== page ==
Note: This article contains violent content and graphic descriptions of abuse. Reader discretion is advised.

BOISE, Idaho — Note: This article contains violent content and graphic descriptions of abuse. Reader discretion is advised.

A 9-year-old boy who was found lying in a Meridian apartment Tuesday with no heartbeat, covered in bruises and vomit, suffered months of "horrific" torture at the hands of his stepmother and father, a prosecutor said.

The child, identified as Emrik Osuna, was pronounced dead in the pediatric ICU at St. Luke's hours later.

His stepmother, 27-year-old Monique Osuna, is charged with first-degree murder in his death. She sobbed in court Thursday afternoon as a judge detailed the charge against her.

Prosecutor Tamara Kelly said that Emrik was not attending school and had no escape from his stepmother's abuse. 

"Due to COVID, she's been working from home and since [Emrik] was not in school, she essentially had access to him all day long," Kelly said.


"In combination with this physical abuse, this defendant admitted to what is essentially torture of E.O. by locking him in a small closet at night to sleep, withholding food, making him do physical strenuous punishments while she was working," Kelly said.

Kelly said Emrik was forced to do jumping jacks and wall sits for long periods of time, only allowed to stop for a moment when his stepmother took a break from her work. 

RELATED: Father, stepmom arrested in connection with death of 9-year-old Meridian boy

Emrik's father, Erik Osuna, knew that his wife was abusing the 9-year-old, but did nothing to stop her, Kelly said.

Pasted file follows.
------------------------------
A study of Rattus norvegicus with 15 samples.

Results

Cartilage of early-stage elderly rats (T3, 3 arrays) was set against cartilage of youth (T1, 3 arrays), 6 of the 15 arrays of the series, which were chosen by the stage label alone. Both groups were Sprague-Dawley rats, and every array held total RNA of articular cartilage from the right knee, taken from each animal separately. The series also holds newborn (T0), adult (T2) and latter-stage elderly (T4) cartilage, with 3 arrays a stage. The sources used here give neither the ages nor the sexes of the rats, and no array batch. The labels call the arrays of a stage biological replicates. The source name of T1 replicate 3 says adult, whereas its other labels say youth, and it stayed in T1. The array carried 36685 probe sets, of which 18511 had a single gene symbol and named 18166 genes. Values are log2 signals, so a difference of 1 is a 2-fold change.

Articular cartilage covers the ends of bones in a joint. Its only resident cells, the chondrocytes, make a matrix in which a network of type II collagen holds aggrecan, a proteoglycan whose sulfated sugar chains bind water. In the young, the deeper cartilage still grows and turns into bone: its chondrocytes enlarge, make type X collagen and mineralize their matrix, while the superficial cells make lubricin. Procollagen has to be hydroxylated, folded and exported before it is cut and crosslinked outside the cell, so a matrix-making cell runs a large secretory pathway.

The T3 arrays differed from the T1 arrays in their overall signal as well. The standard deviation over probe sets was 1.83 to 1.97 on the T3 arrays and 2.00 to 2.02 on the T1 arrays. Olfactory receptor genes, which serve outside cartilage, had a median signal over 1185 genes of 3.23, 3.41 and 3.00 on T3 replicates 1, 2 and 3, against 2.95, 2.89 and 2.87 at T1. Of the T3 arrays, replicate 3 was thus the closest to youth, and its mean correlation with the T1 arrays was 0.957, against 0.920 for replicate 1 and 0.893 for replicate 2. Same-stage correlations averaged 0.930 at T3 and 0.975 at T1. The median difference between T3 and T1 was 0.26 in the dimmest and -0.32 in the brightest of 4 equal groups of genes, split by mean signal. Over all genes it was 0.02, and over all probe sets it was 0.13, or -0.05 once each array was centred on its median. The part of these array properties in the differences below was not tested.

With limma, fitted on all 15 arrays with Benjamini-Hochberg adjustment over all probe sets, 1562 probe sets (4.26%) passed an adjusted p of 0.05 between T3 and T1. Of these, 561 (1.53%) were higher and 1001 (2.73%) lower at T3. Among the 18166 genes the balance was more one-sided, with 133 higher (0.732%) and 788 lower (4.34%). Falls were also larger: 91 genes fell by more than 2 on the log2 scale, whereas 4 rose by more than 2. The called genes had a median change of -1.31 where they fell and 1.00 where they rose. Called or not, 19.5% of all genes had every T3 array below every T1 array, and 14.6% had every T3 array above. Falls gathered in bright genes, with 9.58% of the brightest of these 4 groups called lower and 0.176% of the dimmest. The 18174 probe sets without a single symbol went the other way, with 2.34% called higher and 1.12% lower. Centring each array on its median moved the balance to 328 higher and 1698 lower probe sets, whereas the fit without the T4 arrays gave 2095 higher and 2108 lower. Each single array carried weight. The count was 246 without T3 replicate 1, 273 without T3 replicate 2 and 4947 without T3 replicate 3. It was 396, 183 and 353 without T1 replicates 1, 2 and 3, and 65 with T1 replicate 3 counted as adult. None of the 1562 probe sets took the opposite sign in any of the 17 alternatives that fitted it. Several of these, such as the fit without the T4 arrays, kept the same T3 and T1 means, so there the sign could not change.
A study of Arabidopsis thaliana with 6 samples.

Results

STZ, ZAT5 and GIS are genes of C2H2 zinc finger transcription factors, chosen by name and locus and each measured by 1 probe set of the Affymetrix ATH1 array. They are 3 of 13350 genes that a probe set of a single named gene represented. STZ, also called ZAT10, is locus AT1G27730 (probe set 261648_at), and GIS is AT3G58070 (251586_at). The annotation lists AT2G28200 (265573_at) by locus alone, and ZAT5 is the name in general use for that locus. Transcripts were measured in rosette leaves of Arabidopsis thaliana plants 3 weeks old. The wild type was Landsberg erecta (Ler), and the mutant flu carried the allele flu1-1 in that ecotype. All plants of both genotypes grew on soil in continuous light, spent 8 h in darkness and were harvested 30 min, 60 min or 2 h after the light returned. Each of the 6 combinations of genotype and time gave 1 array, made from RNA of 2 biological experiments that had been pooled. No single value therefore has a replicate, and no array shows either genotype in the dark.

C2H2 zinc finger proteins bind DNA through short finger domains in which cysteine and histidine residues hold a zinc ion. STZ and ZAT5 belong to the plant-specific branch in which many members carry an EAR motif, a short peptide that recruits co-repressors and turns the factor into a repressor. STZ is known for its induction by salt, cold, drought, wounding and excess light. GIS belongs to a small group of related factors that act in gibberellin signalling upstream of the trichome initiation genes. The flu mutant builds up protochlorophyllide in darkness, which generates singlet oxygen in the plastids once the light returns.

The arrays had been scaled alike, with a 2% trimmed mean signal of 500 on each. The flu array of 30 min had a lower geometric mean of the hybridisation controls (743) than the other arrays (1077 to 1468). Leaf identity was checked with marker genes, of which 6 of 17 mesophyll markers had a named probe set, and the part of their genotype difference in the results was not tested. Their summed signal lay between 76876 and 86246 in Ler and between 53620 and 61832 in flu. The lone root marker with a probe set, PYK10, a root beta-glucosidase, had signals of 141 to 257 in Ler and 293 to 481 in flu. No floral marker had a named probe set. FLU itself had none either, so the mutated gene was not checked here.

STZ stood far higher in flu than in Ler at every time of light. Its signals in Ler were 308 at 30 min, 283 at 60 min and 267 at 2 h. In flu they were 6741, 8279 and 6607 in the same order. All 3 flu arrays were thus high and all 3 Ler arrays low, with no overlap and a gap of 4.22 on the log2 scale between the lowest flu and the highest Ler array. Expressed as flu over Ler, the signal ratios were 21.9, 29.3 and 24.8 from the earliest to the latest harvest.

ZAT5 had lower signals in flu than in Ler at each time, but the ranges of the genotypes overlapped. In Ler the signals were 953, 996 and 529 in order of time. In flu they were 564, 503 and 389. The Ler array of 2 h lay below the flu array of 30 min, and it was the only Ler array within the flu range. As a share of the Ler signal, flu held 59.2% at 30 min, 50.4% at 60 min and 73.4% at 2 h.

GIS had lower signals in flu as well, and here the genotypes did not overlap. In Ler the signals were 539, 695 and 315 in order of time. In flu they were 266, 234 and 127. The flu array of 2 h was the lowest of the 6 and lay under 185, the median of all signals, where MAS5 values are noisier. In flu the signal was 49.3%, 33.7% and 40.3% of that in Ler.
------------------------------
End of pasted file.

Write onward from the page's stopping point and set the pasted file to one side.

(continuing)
Credit: Ada County Jail
Erik and Monique Osuna are each charged with one felony count of injury to a child.

Erik Osuna told police that Emrik had been given nothing to eat but rice and water for weeks before he died, the prosecutor argued.

"He admitted he did nothing to save his son," she said. 

Erik Osuna is not accused of murder in the case, but is charged with felony injury to a child, infliction of great bodily injury and destruction of evidence. The prosecution says that after dialing 911, the boy's father took down nanny cameras inside the house and gave them to someone else to hide. 

Police have recovered those cameras, she said.

There is also evidence that the couple waited to call for help as Emrik lay dying, Kelly said.


"I know you are scared, I am too," he texted Monique Osuna. 

But no one took Emrik to the hospital. The couple did not call 911 until about 9:40 p.m., more than four hours later.

Officers who responded to the Rushmore Apartments where the family lived reported that Emrik was not breathing and had no pulse when they arrived. The boy appeared malnourished and pale, and had vomit leaking from his mouth, police said.

Responders performed CPR on the 9-year-old and rushed him to St. Luke's, but doctors were unable to revive him.


"The little boy had bruises all over his body, specifically on his buttocks, groin, legs and torso," she told the judge. "Some of the bruises were extremely large and essentially covered the back of his body."

The Osunas' three other children, ages nine, four and four months, were removed from the home and placed in the custody of Idaho Health and Welfare.

The prosecutor asked Judge Kira Dale to keep both parents in jail and bar them from having any contact with the three surviving children. 

"Those children are witnesses and by the nature of the abuse, are in danger if [Monique Osuna] has access to those children," Kelly said. 

RELATED: During pandemic, communities asked to be watchful for signs of child abuse, neglect

In addition, she argued, Erik Osuna should be considered a "flight risk," noting that he is in the U.S. illegally, is unemployed, and has few family ties or connections to Idaho. 

Judge Dale ultimately set bond for Monique and Erik Osuna at $2 million each, and granted a no-contact order with all three children.

Both are due to appear in court Sept. 17 for their preliminary hearings.